In the 1950s, the Israeli parliament was correct to reject the suggestion put forth by the country’s Chief Rabbinate to mark the destruction of European Jewry through one of the existing Jewish days of mourning. The Holocaust (Shoah, in Hebrew) requires its own day of commemoration to allow us—Jews and non-Jews—to reflect on this enormous tragedy and dedicate ourselves to addressing its moral, political and religious lessons.
One of the most disturbing and universally significant of these lessons is that it is frighteningly simple to motivate large numbers of good people to commit appalling acts and that it is difficult to convince other nations—or even the fellow citizens of the targeted group—to intervene to prevent such acts. Accordingly, it is essential that every national and ethnic group possess the means to protect its members when necessary. The State of Israel was founded, in part, in response to this insight.
But power in itself does not bring peace and security. Ultimately, these depend on each of us developing that heroic level of empathy that allows us to truly love our neighbours as we love ourselves; that empathy that makes violence an impossibility and the denial of the legitimate rights and needs of others unthinkable.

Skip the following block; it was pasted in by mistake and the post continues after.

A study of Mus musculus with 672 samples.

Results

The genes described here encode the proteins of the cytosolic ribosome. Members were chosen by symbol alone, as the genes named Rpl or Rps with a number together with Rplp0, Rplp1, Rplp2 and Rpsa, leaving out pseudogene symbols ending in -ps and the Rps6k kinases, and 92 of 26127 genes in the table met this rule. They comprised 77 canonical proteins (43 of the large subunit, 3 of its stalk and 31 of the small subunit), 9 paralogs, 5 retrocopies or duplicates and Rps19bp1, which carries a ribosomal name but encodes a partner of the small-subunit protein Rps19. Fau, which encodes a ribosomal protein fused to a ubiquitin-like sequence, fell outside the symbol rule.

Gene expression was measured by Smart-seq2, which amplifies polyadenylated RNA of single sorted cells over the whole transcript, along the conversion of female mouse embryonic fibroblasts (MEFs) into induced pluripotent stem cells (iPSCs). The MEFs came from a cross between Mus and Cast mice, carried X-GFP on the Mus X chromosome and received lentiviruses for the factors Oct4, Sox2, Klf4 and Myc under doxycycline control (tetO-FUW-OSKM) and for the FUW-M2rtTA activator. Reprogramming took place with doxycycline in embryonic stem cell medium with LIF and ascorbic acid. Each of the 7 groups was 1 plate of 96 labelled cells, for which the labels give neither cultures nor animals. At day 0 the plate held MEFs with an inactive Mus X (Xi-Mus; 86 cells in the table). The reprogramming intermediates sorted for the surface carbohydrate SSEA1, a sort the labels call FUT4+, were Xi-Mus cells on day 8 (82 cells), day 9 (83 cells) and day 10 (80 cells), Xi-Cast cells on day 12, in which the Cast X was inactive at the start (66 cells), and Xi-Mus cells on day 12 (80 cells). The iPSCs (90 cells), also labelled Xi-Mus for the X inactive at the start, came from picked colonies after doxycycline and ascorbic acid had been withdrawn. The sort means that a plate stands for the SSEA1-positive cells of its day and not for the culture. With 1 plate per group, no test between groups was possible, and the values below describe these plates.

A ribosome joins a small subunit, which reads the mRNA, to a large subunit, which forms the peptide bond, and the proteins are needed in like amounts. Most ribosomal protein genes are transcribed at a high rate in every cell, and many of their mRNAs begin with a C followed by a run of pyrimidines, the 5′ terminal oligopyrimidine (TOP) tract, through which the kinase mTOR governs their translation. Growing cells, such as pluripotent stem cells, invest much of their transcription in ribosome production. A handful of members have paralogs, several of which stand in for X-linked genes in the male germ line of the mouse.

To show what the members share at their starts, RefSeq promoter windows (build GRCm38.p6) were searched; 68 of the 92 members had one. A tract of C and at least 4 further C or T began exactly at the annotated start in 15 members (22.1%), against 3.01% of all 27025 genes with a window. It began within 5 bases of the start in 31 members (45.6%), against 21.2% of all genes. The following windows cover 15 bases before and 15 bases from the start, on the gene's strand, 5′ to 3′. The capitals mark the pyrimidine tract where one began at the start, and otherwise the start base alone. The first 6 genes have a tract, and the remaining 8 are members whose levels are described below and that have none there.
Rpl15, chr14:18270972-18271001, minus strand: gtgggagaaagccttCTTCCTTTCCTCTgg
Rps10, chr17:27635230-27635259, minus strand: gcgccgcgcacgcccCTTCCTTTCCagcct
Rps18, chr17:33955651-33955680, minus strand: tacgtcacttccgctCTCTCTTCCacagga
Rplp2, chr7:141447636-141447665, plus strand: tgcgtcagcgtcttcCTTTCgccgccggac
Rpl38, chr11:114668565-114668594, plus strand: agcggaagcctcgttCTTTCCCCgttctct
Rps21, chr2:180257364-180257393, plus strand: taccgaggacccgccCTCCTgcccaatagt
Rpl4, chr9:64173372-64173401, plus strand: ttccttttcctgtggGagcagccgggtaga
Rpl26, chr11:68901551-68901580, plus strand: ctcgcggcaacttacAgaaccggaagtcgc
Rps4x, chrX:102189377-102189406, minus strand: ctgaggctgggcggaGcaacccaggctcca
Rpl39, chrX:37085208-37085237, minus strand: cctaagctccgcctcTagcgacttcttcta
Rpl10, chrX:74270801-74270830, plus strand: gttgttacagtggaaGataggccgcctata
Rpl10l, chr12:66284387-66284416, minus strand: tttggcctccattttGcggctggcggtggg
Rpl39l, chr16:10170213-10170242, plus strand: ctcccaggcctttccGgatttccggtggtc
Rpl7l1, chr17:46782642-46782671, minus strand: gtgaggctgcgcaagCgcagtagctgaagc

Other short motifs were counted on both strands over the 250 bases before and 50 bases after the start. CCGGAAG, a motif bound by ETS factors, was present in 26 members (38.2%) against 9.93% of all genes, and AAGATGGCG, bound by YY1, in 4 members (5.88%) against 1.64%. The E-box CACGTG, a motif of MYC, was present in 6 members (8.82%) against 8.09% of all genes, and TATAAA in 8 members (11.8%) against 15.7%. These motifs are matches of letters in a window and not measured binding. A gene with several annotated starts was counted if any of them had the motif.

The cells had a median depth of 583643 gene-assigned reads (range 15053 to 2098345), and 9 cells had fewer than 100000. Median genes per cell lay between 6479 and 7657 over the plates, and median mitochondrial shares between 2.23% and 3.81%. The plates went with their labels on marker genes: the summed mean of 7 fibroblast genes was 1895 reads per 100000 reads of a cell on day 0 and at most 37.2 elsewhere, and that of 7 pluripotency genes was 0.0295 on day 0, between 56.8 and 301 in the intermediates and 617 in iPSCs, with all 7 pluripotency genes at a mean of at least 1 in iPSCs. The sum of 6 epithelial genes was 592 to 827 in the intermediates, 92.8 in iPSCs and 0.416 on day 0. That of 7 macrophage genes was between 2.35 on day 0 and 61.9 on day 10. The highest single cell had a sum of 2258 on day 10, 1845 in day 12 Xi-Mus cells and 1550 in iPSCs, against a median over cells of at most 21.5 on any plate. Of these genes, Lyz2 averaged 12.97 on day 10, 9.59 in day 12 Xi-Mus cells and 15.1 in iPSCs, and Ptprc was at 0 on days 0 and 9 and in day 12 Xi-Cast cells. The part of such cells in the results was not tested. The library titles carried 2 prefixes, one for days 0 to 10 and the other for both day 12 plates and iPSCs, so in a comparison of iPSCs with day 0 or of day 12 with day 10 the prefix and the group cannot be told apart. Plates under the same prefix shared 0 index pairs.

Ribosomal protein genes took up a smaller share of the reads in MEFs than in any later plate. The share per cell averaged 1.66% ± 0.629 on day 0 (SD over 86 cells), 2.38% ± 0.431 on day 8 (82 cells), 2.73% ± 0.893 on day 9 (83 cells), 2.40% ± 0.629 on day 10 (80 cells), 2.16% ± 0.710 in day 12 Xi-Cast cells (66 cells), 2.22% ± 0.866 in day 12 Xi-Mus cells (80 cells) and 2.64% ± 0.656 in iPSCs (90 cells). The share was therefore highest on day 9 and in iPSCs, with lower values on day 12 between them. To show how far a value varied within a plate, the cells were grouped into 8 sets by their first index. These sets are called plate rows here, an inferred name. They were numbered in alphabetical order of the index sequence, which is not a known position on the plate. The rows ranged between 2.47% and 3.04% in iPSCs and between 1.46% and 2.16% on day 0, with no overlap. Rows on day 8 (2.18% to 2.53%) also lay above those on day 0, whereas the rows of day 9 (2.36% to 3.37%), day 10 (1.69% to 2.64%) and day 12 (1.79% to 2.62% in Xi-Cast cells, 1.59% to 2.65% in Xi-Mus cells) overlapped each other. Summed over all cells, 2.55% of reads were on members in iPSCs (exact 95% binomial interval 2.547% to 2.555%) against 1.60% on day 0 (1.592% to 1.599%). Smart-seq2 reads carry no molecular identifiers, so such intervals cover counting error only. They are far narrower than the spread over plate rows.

Yom Hashoah is a day for mourning and remembering but it must ultimately motivate us to take constructive action in the present.
A number of high-profile books have been published recently that argue that religion is a negative force and that God is an illusion. I find both of these pronouncements simplistic.
The truth is that for every religious person who brings grief to the world, there is at least one whose acts of loving kindness are motivated and nourished by religious belief. The complexity and beauty of the natural world make it impossible for me to state categorically that there is no power that has set all of this in motion. But the horror of the Holocaust also makes it impossible for me to embrace the existence of a God of history—a God who causes the Red Sea to part or who initiates the processes that led to the fall of the Berlin Wall.
Such a God surely would have acted to stop the Holocaust early on—for example, by ensuring that one of the many attempts to assassinate Hitler succeeded. I know many Jews who believe that God acted “behind the scenes” to facilitate the Israeli military victories of 1948 and 1967. If God truly acts in this manner, why was there no life-saving intervention prior to 1945?
Although I can accept intellectually that God’s ways may be beyond my comprehension, I cannot forge a relationship to or worship a God who has the power to prevent Holocausts, famines, and wars but chooses not to use it.
The Holocaust museums that we have built honour the memory of the dead and remind us of the rich lives that they led, but they avoid asking the troubling theological questions. The Jewish community’s collective commemorations of Yom Hashoah are similarly silent.
Ultimately, however, the theological challenge must be faced.
Encountering the horrors of the Shoah on Yom Hashoah and throughout the year makes this inevitable.
Eric Caplan is an associate professor in the Department of Jewish Studies and director of the Jewish Teacher Training Program.